I am not an electrician, but I did receive it wired for 220 according to previous owner. I've checked the magnetic switches and it looks to me like it is wired properly when compared to diagrams I have showing 1 Ph, 220V. I also had it plugged into a 220v, 20amp circuit in my garage. I started it about 10 times, and ran a 6ft piece of 3/4" plywood through it before it stopped.
I thought it may have been wired for 120V because the start capacitor that blew was a 120V rated capacitor, not a 240V rated capacitor. I'm really trying to find out what start capacitor is supposed to be in this engine as I think the one I'm replacing may not be correct....
I'm not an expert with motors, but have worked a lot with them over the last 40 years.
Let's look at what exactly the capacitor is and what it is doing. At the dam, a rotor spins past magnets which wired up in three sets- A, B, and C. Each set is called a Phase and connected to a wire, so you have three wires coming from the dam, A phase, B phase, and C phase. When the wires get to your shop, you connect each wire to one of the three in your 3 Phase Unisaw motor and you are good to go ( I'm simplifying this just a tiny little bit). The direction the motor will spin is easy, it will spin A B C just like back at the dam. If you want it to spin the other way just change it to A C B. So simple.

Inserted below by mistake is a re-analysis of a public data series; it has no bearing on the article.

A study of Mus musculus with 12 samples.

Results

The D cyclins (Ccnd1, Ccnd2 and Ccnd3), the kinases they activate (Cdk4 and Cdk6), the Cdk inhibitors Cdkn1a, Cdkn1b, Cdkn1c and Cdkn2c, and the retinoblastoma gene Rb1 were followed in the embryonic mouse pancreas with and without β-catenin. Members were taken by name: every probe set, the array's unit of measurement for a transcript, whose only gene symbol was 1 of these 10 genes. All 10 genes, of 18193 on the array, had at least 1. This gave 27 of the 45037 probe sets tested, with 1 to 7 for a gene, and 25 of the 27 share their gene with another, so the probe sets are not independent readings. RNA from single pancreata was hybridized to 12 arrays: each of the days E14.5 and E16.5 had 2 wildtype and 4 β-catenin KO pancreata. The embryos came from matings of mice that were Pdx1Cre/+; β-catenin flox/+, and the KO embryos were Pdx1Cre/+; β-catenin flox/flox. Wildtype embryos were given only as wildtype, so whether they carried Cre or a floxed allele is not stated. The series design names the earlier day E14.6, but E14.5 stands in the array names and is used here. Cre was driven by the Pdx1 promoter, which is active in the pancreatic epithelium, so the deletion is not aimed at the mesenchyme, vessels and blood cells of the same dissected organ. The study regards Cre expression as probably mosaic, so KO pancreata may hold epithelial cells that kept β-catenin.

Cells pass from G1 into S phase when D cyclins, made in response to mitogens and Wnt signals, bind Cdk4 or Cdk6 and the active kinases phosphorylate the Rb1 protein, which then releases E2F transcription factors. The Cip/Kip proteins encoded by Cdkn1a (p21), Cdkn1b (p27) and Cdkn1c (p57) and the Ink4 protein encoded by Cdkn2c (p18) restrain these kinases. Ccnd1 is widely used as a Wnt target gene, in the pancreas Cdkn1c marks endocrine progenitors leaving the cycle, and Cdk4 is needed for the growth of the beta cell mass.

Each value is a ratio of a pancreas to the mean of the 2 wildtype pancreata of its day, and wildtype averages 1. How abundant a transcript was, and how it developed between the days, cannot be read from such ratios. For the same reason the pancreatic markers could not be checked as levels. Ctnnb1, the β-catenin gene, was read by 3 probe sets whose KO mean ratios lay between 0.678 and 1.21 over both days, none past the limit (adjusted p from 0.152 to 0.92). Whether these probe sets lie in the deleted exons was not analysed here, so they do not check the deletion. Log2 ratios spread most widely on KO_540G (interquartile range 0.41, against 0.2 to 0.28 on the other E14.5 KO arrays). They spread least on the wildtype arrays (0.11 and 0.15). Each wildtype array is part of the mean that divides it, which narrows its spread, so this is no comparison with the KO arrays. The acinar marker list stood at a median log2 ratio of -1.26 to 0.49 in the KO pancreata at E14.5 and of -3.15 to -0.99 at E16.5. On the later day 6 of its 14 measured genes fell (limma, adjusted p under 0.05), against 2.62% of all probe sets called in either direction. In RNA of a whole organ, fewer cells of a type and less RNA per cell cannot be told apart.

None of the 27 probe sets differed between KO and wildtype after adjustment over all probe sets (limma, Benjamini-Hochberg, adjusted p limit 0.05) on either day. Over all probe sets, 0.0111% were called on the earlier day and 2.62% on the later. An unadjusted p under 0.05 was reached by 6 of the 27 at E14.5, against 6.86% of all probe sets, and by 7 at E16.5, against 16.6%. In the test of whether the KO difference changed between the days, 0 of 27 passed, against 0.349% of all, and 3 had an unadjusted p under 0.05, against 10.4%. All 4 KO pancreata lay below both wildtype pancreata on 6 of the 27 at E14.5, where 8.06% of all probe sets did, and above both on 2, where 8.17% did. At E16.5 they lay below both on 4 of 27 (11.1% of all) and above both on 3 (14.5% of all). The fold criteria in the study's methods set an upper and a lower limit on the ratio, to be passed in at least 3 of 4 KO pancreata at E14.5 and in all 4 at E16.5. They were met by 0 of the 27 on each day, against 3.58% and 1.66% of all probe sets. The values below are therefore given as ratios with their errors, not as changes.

Problem is, you've got Single Phase, which is just two of those wires. When you connect the motor to A and B, it has no way to know which way to go, so it just sits there and vibrates, while getting hot.
In a Capacitor equipped motor the capacitor is wired onto one of the phases, in your case both are 120v phases. The capacitor acts like a bucket for the electrons. The effect of that is to make the power from the capacitor phase 'late' getting to the motor, because it had to fill up with electrons and that took time, allowing the motor shaft to rotate more into the opposite phase's pole (magnet). Having filled up (charged) the capacitor with electrons, now the capacitor discharges but the motor shaft has rotated enough that this discharge is now 'pushing' the shaft in the direction you want.
This entire process is called 'lagging' and most likely takes place on only one of the two 120 volt phases. So a 120 volt capacitor is probably fine.